Personal finances took a hit in 2020 amid the COVID-19 pandemic.
Many families contended with a tight labor market as unemployment jumped and a Conference Board poll found that two-thirds of human resources managers expected to limit hiring during the fourth quarter of 2020. And, 63% of respondents said they expected to announce permanent layoffs or furloughs.
Many workers also juggled squeezed paychecks, as more than one-third of U.S. full-time workers endured at least a temporary pay cut, according to a Magnify Money poll.
The realities of 2020 left many scrambling to control costs.
“In general, most clients we talked to in 2020 were spending less, and those whose jobs weren’t impacted by COVID-19 were working hard to save more,” said Andrew Iven with BOK Financial consumer lending and deposits. “Many clients adopted a cautious mindset.”
Easing household outflows
To help individuals manage a reduced income—or to guard against a smaller paycheck on the horizon—there are a number of options to trim household expenses, including:
- Explore the streams. We live in a subscription-based world, which means many of us make automatic payments to a handful of streaming services every month. By compiling and reviewing the list of your current subscriptions, you may confirm whether each is still worth keeping. Or, you may rediscover one that’s been ignored but still provides value.
- Ensure insurance is cost-effective. While most don’t apply a financial fitness lens to their home and auto insurance, it doesn’t hurt to look for opportunities to trim premiums while keeping coverage at similar levels.
- Apply 2020 lessons. More than likely, your dining out and travel budgets shrank in 2020, primarily limited to carryout orders and short, drivable getaways. As you plot out and monitor your 2021 spending, consider targeting a budget level midway between 2019 and 2020 outlays and sock away the balance.
- Distance the drudgery. Given the sense of belt-tightening a budget conveys, “few people actually want to save,” Iven said. Since entertainment, travel and socializing are part of your life; however, it’s fair to designate a chunk of cash each month to either pay for short-term fun or fund larger outings down the road.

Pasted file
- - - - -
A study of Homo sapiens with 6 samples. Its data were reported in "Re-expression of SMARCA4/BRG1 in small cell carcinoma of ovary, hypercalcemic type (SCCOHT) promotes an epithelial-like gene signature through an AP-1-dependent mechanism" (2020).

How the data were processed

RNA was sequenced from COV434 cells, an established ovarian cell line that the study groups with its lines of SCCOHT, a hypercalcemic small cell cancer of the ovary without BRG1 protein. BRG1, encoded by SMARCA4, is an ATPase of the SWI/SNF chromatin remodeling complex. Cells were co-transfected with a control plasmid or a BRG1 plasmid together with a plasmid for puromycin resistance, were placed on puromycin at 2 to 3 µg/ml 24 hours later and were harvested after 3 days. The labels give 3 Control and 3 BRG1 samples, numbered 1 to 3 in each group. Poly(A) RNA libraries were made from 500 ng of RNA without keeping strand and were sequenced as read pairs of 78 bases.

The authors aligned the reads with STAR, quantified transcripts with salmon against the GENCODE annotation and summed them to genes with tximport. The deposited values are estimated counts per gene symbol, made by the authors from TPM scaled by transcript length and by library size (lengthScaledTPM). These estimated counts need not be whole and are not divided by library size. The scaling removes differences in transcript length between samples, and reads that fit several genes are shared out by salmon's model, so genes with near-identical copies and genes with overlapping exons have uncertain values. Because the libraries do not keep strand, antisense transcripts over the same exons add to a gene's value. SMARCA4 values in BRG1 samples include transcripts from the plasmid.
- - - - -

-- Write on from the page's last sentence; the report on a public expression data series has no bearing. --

- Give yourself credit. As long as you can pay off the bill in full every month, determine which of your credit cards provide the optimal blend of rewards. If you run a balance, stick to paying with cash or a debit card as interest fees tend to negate benefits.
- Rev up your auto loan. Much like the boost a refinanced mortgage can provide to your household cash flow, historically low rates can also make reworking your auto loan a smart move.
No matter how large the potential savings, Iven said that the key for discovering areas to save involves overcoming the inertia of your day-to-day life.
“It’s always hard to save since you have to do something different to make it happen,” he said. “One approach is to pay yourself first every month. It shifts the mindset from ‘savings comes last’ to ‘it’s a regular payment that’s a priority.’”
An ongoing process
Once you’ve reined in your spending and feel as though your household finances are on stable ground, it’s the perfect time to enhance your financial safety net, Iven said.
Many experts recommend that you set aside between three- and six-month’s salary to buffer any job loss or salary cut. While Iven sees the rationale behind this rule of thumb, building such a financial cushion can be tough.
“Having six months of salary saved gives you a safety net if you are suddenly without a job,” he said. “But that is a big number for a lot of people, so I’d recommend breaking it down into smaller chunks and figuring out how you can get there gradually.
“And if you can’t get all the way there, something is definitely better than nothing if you suddenly lose your job.”